5 Things To Do After The Optus Hack

Whether you’ve read about it in the news or you received an email from Optus directly, the significant data hack impacting customers of the major telecommunications company on Thursday 22nd September has unsurprisingly left customers feeling unsettled and distressed.

Optus has revealed that while financial information and passwords of its customers were not accessed, the breach did compromise names, dates of birth, email addresses, phone numbers and some ID documents including drivers licence numbers, passport numbers, and Medicare numbers.

It is thought that 10 million Australians have been impacted by the breach, and around 3 million customers have had “significant” amounts of data stolen.

In the aftermath of the hack, the details of 10,000 Optus customers have reportedly been released on the dark web, with people claiming to be the hackers threatening that they’ll release more until a ransom amount of $1.5 million is paid out.

If you’re a past or present customer of Optus and worried about your data being exposed, scroll on for five tips that will help to protect and secure your accounts.


The first thing to do is to ensure you have strong passwords on your accounts, not just your Optus account. Strong passwords should be long and contain uppercase and lowercase letters, numbers, and special characters. They should also be different for each of your main accounts, but especially for banking and email accounts.


Where possible, enable two-factor authentication on your accounts, and particularly for your banking details. You can do this via the banking app or calling your bank personally and asking them to set this up.

Two-factor authentication can involve a unique code being sent to your mobile or email. Additional security questions are also helpful as an extra step in protecting your accounts.


It is understood that just the numbers of drivers licences, Medicare and passports were taken in the Optus hack—not copies of the entire documents. This means that without the additional details these documents present such as expiry dates or addresses, the risk of identity fraud is a little less severe.

That said, cyber security expert Toby Murray, an associate professor in cybersecurity at the University of Melbourne, told The Guardian there is still a risk.

“Depending on the context, different organisations will ask you just for your driver’s licence number or just for your passport number,” he said.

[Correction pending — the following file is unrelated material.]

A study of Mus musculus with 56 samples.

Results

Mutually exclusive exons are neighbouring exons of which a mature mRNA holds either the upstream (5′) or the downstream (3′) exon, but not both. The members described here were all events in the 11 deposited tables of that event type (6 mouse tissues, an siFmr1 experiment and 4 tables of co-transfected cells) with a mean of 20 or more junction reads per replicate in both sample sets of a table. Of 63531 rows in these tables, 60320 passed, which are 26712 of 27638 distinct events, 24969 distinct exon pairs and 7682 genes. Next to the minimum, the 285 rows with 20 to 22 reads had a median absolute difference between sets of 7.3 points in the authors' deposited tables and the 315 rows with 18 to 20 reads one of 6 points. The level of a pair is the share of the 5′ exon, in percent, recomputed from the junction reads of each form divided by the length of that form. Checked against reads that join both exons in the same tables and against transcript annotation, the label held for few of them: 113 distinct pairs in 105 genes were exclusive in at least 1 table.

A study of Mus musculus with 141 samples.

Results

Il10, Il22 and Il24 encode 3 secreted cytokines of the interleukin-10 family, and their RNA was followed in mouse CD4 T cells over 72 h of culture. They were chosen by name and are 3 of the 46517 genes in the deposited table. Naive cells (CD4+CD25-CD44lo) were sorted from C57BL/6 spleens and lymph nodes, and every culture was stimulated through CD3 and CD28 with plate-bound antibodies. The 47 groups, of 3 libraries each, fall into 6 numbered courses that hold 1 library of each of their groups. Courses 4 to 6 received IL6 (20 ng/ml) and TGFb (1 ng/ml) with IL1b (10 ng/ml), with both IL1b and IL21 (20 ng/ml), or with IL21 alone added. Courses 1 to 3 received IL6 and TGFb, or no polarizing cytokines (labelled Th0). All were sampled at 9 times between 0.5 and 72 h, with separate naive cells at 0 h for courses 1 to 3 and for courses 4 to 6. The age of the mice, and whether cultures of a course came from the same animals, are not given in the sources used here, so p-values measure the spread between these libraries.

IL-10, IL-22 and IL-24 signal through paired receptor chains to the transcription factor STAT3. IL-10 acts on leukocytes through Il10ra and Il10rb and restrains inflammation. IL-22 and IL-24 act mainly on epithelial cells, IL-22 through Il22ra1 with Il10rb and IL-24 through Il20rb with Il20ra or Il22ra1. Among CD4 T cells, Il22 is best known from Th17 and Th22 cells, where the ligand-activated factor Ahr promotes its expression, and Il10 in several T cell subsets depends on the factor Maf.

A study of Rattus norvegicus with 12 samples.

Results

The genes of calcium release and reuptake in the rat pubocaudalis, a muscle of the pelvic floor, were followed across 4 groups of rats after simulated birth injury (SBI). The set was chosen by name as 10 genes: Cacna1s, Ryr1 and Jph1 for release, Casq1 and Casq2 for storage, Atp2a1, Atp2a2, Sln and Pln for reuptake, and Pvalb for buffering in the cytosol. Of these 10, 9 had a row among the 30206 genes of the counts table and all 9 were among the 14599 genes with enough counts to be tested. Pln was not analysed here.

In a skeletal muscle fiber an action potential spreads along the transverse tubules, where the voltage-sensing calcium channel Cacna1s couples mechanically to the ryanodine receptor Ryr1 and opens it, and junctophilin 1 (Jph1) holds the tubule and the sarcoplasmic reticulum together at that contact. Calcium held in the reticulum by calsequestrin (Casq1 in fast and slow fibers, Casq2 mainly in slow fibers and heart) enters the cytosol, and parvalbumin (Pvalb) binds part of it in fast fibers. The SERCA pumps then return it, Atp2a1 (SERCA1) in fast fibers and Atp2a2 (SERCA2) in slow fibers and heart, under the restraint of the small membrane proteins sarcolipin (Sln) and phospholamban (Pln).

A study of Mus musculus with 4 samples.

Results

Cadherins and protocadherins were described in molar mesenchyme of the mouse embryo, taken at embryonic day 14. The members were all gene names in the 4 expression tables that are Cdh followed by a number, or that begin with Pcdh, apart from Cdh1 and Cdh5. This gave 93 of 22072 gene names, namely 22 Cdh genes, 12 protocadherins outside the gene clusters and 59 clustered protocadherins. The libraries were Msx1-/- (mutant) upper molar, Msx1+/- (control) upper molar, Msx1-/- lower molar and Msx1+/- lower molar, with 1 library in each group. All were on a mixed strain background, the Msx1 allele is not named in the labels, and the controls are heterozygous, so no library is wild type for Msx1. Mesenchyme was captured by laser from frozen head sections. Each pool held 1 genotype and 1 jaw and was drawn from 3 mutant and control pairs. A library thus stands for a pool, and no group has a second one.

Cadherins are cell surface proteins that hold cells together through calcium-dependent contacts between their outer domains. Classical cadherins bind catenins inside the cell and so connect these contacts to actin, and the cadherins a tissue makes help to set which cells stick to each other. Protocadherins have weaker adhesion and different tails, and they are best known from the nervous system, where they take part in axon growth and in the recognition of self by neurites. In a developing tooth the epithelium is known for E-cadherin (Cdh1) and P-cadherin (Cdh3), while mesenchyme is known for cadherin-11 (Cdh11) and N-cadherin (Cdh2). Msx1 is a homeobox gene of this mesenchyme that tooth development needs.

He says it’s worthwhile thinking about changing your passport, Medicare, and drivers licence number.

It’s possible to renew your passport in the usual way you would if your old one expires, via the Department of Foreign Affairs and Trade.


Given that customers’ phone numbers have been breached, Optus has advised that it will not send out any emails or texts with links to click on.

To reiterate, if you receive an email from Optus, do not click on any link it may have, even if you believe it to be completely legit. The same goes for phone calls where people might ask for access to your computer or personal information—do not provide them with any information.

Instead, call your bank and reiterate all of the details to them. You can also call Optus direct on 133 937, though expect a delay. Otherwise call us on 1800 960 487.


There is a division of the Commonwealth Bank called Credit Savvy.

Credit Savvy bills themselves like a fitness coach for your debt, which in itself is kind of weird. Their Schtick is that they calculate a personal credit score, which can be very useful. Part of their app allows you to lock down your credit file with a swipe or click of a button.

So here is a step-by-step guide on how to lock down your credit file so that scammers can’t rip you off.

Step 1: Download the Credit Savvy app (either in the Apple or Google app stores).

Step 2: Verify your details (I used my driver’s licence and Medicare card).

Step 3: Press “protect” from the bottom navigation.

Step 4: Press “Request a ban”. Credit Savvy will then let the other credit agencies know you’ve got a ban on your file within 2 business days.

Step 5: On the 16th day the Credit Savvy app will remind you that your pause is ending. When you get that alert – and this is important – click “ban my credit report for 12-months”.

And that’s it!

From then on if anyone tries to access your credit file, the Credit Savvy app will alert you.

Though it will also be locked so the bank or financial institution won’t be able to access your file. However, this will not count against you. To be clear, it will not harm your ability to take out credit.

Now if you are applying for credit (or say moving home and applying for utilities and the like), all you need to do is temporarily lift the ban on your credit file for a week or so. And then put that lock straight back on using the Credit Savvy app.

If you need assistance or have any concerns please call us on 1800 960 487.